The Law Can Be Cruel Sometimes: Dead Man’s Act Kills Personal Injury Lawsuit
A recent decision by the Superior Court of Pennsylvania shows that in trying to achieve justice for all (including the defendant), the law sometimes can be cruel.
A Fall Down Steps
In Jones v. Plumer, a tenant claimed that her landlord poorly maintained the front steps at her residence and that she fell down the stairs as a result. The tenant, who extended her arm to break her fall, struck her hand on the concrete and broke several bones and required surgery. The steps had no railing.
About a year after the accident, the landlord died, and the tenant subsequently sued the administratrix of his estate to recover for her injuries. In her lawsuit, she alleged that the landlord knew his front steps were unsafe but neglected to repair them in a reasonable and timely manner. The administratrix sought to bar the tenant from testifying against her deceased landlord under a Pennsylvania statute known as the Dead Man’s Act.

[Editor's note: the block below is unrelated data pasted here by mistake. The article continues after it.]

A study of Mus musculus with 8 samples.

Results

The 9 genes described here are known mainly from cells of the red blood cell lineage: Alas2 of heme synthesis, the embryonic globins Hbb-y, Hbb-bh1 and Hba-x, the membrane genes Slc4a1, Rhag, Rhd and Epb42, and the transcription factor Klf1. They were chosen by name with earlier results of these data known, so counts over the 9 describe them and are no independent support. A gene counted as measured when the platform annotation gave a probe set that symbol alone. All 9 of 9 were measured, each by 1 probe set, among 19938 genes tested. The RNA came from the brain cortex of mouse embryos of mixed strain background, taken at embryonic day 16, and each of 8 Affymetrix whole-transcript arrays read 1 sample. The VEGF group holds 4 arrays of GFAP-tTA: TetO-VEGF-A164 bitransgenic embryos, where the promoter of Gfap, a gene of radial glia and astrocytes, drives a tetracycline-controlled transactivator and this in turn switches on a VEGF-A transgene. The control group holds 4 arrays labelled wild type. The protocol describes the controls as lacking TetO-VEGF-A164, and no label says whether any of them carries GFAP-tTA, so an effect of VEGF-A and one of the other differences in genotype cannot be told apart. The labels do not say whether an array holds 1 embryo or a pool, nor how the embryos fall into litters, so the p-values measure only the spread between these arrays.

Dead Man’s Act
The Dead Man’s Act provides, in relevant part:
Where any party to a thing … is dead … and his right thereto or therein has passed … to a party … who represents his interest … any surviving or remaining party to such thing … shall [not] be a competent witness to any matter occurring before the death of said party.
Translating the legalese, the act provides that surviving parties in litigation who have an interest that is adverse to a decedent’s estate are disqualified from testifying as to any transaction or event which occurred before the decedent’s death. The reasoning behind the act is that a surviving party cannot be a competent witness because the dead man’s estate is in no position to refute the surviving party’s testimony concerning the dead man’s liability for injuries.
Since the tenant could not testify, and there were no other witnesses to her accident, the tenant was left with no way to prove that her landlord was negligent. The trial court accordingly ruled that her case could not proceed. The tenant appealed to the Superior Court of Pennsylvania.
In affirming the ruling of the trial court, the Superior Court found that the trial court had “properly applied the statute as the General Assembly has authored it.”
Unfortunately, the tenant is left without a legal remedy. It’s a cruel outcome, particularly since her injuries were serious enough to require surgery. As always, if you have been injured in an accident, we recommend consulting with a personal injury attorney immediately to ensure that your rights are protected to the fullest extent possible under the law.